Commentary: Outcry preserves the right to know

June 28, 2013|By Ron Kaye

Journalists, the good government crowd, even some ordinary people who believe in democracy, felt triumphant when the farce in Sacramento over what they called the "gutting … neutering … eviscerating'' of California's freedom of information law ended the way they had hoped.

A victory for open government, for freedom, they said, proof that the politicians will respond to the public if people get aroused enough.

Gov. Jerry Brown and the Legislature controlled by Democratic super-majorities that allow them to do anything they want with barely a whimper from the Republicans had backed down on making the state's public access law, the Ralph M. Brown Act, optional at the discretion of each and every government agency.


In a word, they had wanted to make public access meaningless, but lost their nerve when they saw the public reaction might bring down their whole house of cards.

Still, the delight taken in seeing the all-powerful slinking away in humiliation was largely misplaced.

When it comes to open and transparent government, California is as bad as it gets, ranking 49th in the nation with only frigid North Dakota more disrespectful of the public's right to know.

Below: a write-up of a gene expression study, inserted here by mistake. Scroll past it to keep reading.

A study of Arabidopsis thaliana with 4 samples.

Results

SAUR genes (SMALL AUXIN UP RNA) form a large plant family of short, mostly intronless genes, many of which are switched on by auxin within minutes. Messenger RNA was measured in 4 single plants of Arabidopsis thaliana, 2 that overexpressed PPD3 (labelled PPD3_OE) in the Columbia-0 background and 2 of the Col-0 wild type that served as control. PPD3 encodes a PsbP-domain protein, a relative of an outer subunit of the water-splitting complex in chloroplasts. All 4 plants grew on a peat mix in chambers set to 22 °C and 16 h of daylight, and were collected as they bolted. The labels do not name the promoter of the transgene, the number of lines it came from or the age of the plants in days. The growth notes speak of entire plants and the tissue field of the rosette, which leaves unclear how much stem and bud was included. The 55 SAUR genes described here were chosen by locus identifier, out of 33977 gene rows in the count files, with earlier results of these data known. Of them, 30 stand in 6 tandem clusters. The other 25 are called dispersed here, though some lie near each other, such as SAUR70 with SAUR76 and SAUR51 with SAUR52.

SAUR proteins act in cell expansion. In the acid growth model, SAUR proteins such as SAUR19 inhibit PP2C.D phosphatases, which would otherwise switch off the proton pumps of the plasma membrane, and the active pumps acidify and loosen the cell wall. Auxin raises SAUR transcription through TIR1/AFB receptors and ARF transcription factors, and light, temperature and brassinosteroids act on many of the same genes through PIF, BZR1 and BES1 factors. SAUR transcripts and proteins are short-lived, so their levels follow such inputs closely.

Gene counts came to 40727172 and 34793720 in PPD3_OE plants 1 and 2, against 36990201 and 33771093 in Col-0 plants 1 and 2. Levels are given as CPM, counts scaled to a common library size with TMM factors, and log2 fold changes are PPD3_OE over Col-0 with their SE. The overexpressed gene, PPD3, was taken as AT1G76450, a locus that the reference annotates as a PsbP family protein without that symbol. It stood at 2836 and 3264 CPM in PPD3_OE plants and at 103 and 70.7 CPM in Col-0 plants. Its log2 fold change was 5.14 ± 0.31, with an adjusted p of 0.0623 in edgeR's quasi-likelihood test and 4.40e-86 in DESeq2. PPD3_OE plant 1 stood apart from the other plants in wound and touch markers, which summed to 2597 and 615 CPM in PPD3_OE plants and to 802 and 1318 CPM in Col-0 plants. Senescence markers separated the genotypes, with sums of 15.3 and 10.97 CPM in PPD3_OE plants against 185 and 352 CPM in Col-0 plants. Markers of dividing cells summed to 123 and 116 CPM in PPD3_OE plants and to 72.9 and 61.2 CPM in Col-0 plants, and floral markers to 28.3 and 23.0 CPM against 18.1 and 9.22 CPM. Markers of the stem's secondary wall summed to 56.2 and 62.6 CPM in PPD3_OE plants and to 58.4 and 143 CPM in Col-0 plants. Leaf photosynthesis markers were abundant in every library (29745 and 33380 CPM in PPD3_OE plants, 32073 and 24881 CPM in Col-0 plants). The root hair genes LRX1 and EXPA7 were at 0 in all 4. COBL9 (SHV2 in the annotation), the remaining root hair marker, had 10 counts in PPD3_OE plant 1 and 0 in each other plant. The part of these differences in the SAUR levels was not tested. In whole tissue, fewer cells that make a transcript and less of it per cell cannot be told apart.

Just two months ago, the nonpartisan U.S. Public Interest Research Group reported that, under Brown's leadership, California had fallen from 43rd place with a "D- grade" to become one of only five "F States" that have "limited and hard to use" websites, fail to provide information on the "public benefits of economic development" by recipient or make their "tax expenditure report available."

California was only "one of two states in the country without searchable vendor-specific spending information."

The assault on the public's right to know by the governor and his pals comes at the very moment when we are learning the federal government is using a million people with security clearances like Pvt. Bradley Manning and high school dropout Edward Snowden to track our phone and Internet activity, even sending up surveillance drones to keep an eye on some of us in case the video cameras everywhere in public places and private businesses miss something.

The governor justified his Brown Act attack in his budget message in January as a way to save money, since the state is supposed to foot the bill for all compliance costs.

Few took his proposal seriously until 10 days ago when the Democrats in the Senate and Assembly attached riders to the budget trailer bills to gut, neuter or eviscerate the Brown Act.